Nurse Julia explaining the medication to her patient © Light for the World
Júlia Vasco is a nurse in the outskirts of Beira. She is worried she might spread COVID-19 to her four children.
  • Disability Rights
  • Humanitarian Action

Too little medical care, a lack of information and few opportunities to wash hands are the biggest challenges many African countries face during the current COVID 19 (Coronavirus) crisis.

People with disabilities are particularly affected

Light for the World is deeply concerned about the impact on the poorest and most vulnerable people – the women, men and children with disabilities in our project countries. The elderly, with preconditions and/or weak immune systems, are also highly at risk. One must also consider those who are weakened by malnutrition and disabilities. The course of the disease caused by a Coronavirus infection is more severe in this specific population and the mortality rate is also respectively higher. Frequent hand washing with soap and water is one of the most important methods to ensure that infectious diseases, such as the Coronavirus, does not spread. However, according to WaterAid UK, every sixth healthcare facility worldwide does not have enough soap and water for doctors, nurses and patients to wash their hands. The poorest of the poor have no access to clean water.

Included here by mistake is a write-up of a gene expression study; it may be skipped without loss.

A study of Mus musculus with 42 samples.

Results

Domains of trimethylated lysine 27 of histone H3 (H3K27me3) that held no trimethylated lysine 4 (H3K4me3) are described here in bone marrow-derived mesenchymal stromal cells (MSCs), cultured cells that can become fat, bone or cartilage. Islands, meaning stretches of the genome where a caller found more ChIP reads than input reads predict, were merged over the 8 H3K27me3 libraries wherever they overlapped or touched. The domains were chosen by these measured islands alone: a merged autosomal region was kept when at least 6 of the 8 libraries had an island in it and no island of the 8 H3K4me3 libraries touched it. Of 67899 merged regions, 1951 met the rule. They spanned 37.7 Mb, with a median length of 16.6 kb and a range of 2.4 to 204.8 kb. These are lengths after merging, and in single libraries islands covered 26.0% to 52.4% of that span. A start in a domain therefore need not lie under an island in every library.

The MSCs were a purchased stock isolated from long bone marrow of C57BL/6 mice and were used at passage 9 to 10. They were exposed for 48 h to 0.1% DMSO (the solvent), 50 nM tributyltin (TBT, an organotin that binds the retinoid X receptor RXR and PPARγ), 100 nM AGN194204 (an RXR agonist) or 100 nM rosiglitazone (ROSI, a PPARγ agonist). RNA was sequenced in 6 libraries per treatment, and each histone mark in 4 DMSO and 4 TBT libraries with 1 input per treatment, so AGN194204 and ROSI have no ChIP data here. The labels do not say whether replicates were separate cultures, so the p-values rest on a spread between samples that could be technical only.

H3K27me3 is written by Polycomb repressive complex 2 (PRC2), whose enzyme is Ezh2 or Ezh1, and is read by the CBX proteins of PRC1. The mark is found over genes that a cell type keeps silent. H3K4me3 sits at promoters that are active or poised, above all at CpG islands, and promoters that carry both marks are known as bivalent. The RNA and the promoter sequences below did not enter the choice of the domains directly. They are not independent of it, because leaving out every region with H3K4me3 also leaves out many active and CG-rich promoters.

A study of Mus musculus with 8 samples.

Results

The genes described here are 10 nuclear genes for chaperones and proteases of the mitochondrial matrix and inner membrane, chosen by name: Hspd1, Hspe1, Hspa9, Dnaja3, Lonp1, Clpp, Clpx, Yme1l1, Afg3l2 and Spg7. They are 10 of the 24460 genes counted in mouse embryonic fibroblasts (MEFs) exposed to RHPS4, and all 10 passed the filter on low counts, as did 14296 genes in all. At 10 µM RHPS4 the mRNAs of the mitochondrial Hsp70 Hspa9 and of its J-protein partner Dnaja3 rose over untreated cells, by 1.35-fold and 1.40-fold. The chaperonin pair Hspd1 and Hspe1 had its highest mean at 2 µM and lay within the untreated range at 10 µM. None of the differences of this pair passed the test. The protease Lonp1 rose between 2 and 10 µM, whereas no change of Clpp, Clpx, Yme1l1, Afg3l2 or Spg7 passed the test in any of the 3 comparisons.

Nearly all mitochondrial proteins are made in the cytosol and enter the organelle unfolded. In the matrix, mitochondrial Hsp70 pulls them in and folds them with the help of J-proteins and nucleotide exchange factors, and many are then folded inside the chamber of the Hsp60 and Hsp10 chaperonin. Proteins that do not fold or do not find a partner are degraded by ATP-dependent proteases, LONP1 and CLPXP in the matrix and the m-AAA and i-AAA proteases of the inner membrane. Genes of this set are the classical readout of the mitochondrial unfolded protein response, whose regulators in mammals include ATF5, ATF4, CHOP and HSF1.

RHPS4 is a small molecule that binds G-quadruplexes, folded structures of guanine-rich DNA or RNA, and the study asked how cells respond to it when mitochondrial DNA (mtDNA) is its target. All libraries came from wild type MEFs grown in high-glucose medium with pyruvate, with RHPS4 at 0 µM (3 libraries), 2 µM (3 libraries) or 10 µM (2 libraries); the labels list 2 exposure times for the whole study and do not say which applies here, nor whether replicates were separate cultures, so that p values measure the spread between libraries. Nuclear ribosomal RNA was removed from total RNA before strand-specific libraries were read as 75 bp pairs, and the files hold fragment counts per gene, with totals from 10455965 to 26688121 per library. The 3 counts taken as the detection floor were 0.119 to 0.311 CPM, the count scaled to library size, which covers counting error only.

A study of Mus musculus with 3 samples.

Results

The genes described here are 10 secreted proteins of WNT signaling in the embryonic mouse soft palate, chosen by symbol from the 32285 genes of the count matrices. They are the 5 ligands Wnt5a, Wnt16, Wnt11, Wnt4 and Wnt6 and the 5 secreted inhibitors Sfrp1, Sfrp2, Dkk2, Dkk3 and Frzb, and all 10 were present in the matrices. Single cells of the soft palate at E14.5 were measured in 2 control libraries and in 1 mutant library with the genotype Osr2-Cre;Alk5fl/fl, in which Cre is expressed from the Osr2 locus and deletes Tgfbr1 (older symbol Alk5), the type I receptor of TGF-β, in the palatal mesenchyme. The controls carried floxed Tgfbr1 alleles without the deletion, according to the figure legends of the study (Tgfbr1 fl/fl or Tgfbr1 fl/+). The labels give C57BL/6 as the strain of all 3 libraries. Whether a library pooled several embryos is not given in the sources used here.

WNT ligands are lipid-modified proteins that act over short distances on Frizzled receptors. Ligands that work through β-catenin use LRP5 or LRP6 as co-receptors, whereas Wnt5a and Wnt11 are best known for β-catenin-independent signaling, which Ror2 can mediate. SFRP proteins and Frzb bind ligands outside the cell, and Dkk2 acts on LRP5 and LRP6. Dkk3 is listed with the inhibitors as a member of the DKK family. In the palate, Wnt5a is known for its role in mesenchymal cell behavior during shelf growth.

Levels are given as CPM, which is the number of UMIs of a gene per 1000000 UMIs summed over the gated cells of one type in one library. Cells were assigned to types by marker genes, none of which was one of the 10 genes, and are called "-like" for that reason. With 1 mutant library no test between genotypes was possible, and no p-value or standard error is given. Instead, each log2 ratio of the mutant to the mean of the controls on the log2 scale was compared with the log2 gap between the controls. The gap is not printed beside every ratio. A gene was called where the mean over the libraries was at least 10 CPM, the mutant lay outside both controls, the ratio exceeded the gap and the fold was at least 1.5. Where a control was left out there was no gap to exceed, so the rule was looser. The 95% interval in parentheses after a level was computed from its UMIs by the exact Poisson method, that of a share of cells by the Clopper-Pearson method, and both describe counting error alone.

Lack of information and medical care

We know that people in low-income countries, in particular people with disabilities, obtain too little information about catastrophes and pandemics. This was proven last year when cyclone Idai ripped through Mozambique. 

In general, access to medical care is severely restricted in many African countries. Currently, there are also hardly any tests available which can confirm a Coronavirus infection. Spreading information for people with disabilities is important and it must also be made accessible in corresponding formats for the blind or deaf.  Measures taken by health systems must be inclusive and take into account the communicative, physical and cultural barriers which people with disabilities face. 

Light for the World has been working for a long time with infectious diseases

Light for the World has had many years of experience in the fight against neglected tropical diseases as well as other diseases in Africa. The principles behind the strategies that combat these diseases closely resemble the guidelines put into place to fight the Coronavirus: frequent hand washing; avoiding direct contact with people who have been infected; frequently washing of clothes; comprehensive and accessible information for the population.